Miss Marple said we are all alloted three score and ten years, and like Miss Marple I shall soon be overdrawn.
Now, having lived 70 years, I will use this blog to record my observations and try to answer the question, "Is the hokey-pokey really what it's all about?
Thursday, July 21, 2016
ESKIMO ICE CREAM
a point in aging where you realize you have more past memories than
future. You accept your aging and your
limitations, and if you are fortunate enough you may have real adventures to
wrote a post on blueberry. I included
some pics of my wife and our time at one of the Native villages in Alaska. I mentioned that after the elementary kids
picked blueberries and cranberries they returned to the classroom and made
Eskimo Ice Cream.
of the far north brave winter conditions with subzero temperatures in the range
of 40 to 50 degrees below zero. At these
extreme temperatures fat in a diet is critical.
Because caribou, that migrate through these northern regions, is lean meat,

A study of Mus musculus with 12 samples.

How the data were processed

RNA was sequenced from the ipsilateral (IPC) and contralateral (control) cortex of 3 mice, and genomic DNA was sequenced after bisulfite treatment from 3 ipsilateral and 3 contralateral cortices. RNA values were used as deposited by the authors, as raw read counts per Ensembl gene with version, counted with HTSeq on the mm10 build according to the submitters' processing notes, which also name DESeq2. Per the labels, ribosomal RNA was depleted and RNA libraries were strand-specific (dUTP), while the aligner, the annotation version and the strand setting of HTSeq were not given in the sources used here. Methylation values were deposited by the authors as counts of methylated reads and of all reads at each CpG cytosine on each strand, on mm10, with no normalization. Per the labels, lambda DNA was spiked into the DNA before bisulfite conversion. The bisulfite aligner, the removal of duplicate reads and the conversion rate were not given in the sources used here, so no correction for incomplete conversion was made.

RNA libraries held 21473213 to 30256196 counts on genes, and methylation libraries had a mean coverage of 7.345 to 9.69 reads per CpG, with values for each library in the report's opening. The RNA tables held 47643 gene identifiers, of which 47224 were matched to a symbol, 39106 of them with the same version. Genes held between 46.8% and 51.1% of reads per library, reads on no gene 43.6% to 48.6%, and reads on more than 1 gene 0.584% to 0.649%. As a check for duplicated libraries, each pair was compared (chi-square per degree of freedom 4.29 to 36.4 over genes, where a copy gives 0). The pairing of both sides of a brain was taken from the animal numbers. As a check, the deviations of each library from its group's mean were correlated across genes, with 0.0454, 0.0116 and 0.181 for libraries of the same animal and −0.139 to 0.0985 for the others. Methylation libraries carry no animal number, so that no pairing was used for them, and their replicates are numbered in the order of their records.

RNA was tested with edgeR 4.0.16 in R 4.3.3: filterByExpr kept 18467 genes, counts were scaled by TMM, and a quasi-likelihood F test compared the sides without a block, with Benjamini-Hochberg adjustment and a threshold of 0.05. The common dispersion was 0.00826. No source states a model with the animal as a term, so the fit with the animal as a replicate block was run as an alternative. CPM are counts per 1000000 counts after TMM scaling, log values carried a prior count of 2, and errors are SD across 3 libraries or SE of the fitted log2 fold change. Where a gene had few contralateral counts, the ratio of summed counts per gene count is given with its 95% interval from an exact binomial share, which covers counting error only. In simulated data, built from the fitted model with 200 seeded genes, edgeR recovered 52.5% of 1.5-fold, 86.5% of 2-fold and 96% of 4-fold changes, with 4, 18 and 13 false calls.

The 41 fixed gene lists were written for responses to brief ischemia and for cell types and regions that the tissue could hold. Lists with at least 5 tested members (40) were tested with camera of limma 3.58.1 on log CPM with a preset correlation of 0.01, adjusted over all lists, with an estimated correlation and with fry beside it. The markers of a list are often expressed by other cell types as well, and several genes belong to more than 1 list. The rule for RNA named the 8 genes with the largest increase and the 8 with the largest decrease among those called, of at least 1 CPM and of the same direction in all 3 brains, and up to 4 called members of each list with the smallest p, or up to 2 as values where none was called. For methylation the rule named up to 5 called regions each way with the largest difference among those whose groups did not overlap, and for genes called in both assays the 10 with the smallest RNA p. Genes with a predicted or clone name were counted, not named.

these northern Natives have for generations depended on seal, and whale to
supply their fat needs.
or blubber, is considered a staple by these coastal Natives and it is often eaten fresh, frozen, boiled or fermented (an Eskimo delicacy called Muktuk.) It was these northern people that originated
Eskimo Ice Cream.
Oil and lard
from the whale fat was hand whipped into a frothy consistency and berries added
– later, with the incursion of ‘whiteman,’ sugar was added to the mix.
(Note: whiteman – pronounced as one
word, and the equivalent gussak are used by the Eskimo as a derogatory term for Caucasians.)
village my wife and I worked in was in southwestern Alaska on the Kuskokwim
River. These were Yup'ik people. Once coastal, these people, had moved inland
along the river to be near Russian trading post.
Here moose, caribou, musk ox and bear were plentiful and there were massive summer
salmon runs to supplied ample protein for humans and dogs.
generation these river Yup'ik lost their dependency on whale and seal fat, but
still retained their cultural connection to that food. Now, here in the inland, whale fat has been
replaced by Crisco and Wesson Oil in the making of Eskimo Ice cream.
Crisco, Wesson oil and shredded fish are mixed together - the fish to supply the missing taste of the ocean.
Sugar is added and the mixture is vigorously whipped by hand.
Next come the berries: blueberries and cranberries.
The final product is Eskimo Ice Cream.
Probably not heart healthy; but it actually taste good.